The FAA issues several different types of certificates:

Flight Instructor
Ground Instructor
Flight Engineer

Pilot Certificates. There are four types of pilot certificate. Each requires greater skill and confers greater operating privileges upon the holder. They are:

Student Pilot - allows the holder to pilot an airplane by themselves only with the permission of an instructor. The holder may not take passengers and may go only to destinations approved by that instructor, if any.
Recreational Pilot - the holder may fly himself and one passenger in a local area but needs permission from an instructor before he flies to any new area. This license is perfect for someone who will only be flying locally on sightseeing flights out of his own airstrip or in non-congested areas. (Not available in gliders or hot air balloons)
Private Pilot - the holder may fly himself and passengers to other destinations. The only restriction placed upon the private pilot is that he may not make any financial gain through his flying. If he flies with others he may split the cost of flying with them, but may not profit from the flight.
Commercial Pilot - the holder may be paid for piloting services. Generally this means acting as pilot in command of a cargo flight, an air taxi (FAR Part 135) flight, a local sightseeing flight, or 
Airline Transport Pilot - the holder may act as captain or first officer of an FAR Part 121 scheduled airline flight.  This type of license is only applicable to the Airplane, Rotorcraft-Helicopter, and Powered-Lift categories (see below).

Category and Class Ratings. All except the student and recreational pilot certificates can have the following ratings on them indicating which kinds of airplanes the pilot is qualified to fly:


Class ratings

Instrument Ratings

Instructor Ratings


Single-engine land


Airplane single-engine


Single-engine sea




Multi-engine land


Airplane multi-engine


Multi-engine sea
























Free Balloon











So there are ten class ratings, three instrument ratings, and eight instructor ratings that can be added to a pilot certificate.  Every pilot certificate must have at least one class rating in order to be issued.  And the majority of all private pilot certificates have only one: airplane single-engine land.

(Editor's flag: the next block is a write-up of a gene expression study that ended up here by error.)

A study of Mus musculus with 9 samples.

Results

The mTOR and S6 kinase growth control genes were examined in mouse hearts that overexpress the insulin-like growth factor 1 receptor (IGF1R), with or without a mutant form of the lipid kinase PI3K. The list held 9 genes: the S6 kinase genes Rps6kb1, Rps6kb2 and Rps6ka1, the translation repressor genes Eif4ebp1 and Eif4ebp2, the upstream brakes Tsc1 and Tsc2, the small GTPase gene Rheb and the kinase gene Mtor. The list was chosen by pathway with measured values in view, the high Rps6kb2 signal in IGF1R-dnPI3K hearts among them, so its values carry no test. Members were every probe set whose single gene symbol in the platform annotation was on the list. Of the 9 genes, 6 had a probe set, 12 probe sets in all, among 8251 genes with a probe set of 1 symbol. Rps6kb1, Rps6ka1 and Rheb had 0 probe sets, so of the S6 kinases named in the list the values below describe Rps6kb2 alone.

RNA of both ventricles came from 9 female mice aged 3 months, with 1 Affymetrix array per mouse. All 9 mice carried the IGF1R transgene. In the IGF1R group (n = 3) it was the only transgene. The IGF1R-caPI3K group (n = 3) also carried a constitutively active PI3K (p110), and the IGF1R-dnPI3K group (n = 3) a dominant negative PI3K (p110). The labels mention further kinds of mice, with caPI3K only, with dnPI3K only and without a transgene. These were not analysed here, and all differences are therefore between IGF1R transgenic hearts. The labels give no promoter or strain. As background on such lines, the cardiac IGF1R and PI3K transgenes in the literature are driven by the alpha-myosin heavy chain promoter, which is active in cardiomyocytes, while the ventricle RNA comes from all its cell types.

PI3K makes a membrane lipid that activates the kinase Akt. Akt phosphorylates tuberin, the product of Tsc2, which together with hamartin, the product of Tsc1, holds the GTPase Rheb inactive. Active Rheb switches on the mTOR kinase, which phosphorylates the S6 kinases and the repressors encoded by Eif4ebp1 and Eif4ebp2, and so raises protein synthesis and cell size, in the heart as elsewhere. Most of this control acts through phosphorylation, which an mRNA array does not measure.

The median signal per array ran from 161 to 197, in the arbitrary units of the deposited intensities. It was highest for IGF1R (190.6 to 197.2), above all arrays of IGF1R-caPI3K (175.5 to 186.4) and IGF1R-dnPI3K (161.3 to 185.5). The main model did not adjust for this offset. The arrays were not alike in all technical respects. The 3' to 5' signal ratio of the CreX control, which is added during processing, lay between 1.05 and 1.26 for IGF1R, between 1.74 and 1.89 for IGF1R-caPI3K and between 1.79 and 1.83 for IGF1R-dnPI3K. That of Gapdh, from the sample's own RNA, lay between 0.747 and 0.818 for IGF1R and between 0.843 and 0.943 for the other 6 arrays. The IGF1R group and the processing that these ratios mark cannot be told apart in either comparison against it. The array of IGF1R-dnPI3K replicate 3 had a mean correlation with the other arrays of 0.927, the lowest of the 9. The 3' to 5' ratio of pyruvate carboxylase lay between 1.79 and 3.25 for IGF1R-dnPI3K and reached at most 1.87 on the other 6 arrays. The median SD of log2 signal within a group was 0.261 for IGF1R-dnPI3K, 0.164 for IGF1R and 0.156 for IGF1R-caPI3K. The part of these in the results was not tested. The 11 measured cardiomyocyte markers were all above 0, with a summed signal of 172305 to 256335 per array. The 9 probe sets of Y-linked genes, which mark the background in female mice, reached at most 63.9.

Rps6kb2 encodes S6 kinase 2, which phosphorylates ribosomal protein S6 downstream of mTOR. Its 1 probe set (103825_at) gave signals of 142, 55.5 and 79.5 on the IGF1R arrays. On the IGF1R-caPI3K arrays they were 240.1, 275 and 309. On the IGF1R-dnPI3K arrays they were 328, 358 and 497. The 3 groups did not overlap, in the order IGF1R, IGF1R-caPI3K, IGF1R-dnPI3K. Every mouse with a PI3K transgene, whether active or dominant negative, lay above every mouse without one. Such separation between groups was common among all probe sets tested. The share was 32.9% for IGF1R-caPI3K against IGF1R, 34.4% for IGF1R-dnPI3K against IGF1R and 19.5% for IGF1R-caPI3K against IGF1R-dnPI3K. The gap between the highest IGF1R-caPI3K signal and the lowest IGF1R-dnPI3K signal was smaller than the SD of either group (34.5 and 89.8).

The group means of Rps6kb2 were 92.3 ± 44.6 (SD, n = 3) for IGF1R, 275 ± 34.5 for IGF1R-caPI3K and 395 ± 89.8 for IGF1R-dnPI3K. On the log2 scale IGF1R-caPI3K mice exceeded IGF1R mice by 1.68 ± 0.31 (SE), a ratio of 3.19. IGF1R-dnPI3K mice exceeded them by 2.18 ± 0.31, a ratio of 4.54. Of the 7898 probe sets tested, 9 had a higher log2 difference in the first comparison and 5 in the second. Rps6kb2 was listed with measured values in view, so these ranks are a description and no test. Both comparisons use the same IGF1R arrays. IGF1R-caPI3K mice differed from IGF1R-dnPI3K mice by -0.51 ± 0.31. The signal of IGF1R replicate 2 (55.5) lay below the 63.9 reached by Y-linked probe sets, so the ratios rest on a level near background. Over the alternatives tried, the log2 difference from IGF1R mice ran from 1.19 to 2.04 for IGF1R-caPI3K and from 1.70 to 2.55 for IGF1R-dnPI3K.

Flight Engineer Certificate. The holder may act as flight engineer aboard an FAR part 121 scheduled airline flight.  The flight engineer is the third person in the cockpit of an aircraft, e.g., 727, 747, that requires a crew of three.  Because all new airplanes since the mid-1970s have been designed with two-person cockpits (to save money, not because it's safer!), these jobs are becoming less common.

Dispatcher Certificate. The holder may act as a dispatcher for a FAR part 121 scheduled airline.

Mechanic Certificate. There are three different ratings that this can contain:

Airframe mechanic
Powerplant mechanic
Inspection Authorization

Flight Instructor Certificate.  The holder may give dual instruction to student pilots and licensed pilots. Before obtaining a flight instructor certificate in a given category and class, a person must already hold a commercial (or airline transport) pilot certificate in that category and class.  Like a pilot certificate, the flight instructor certificate must be issued with at least one category or class rating.

Instruction in Balloons and Airships.  There are no flight instructor ratings for lighter-than-air aircraft.  Instruction in this category may be given by any commercial pilot who holds a balloon or airship class rating.

Ground Instructor Certificate.  The holder may teach ground school classes for profit. In order to obtain this rating the applicant must pass a multiple-choice test on the subject being taught.  The ratings that apply to this license are:
- Basic Ground Instructor
- Advanced Ground Instructor
- Instrument Ground Instructor

Surprisingly enough, a person does not need to hold a pilot certificate to become a ground instructor.

For more information on pilot certificates and ratings, email me or see the aviation web site of Dr. Irvin N. Gleim.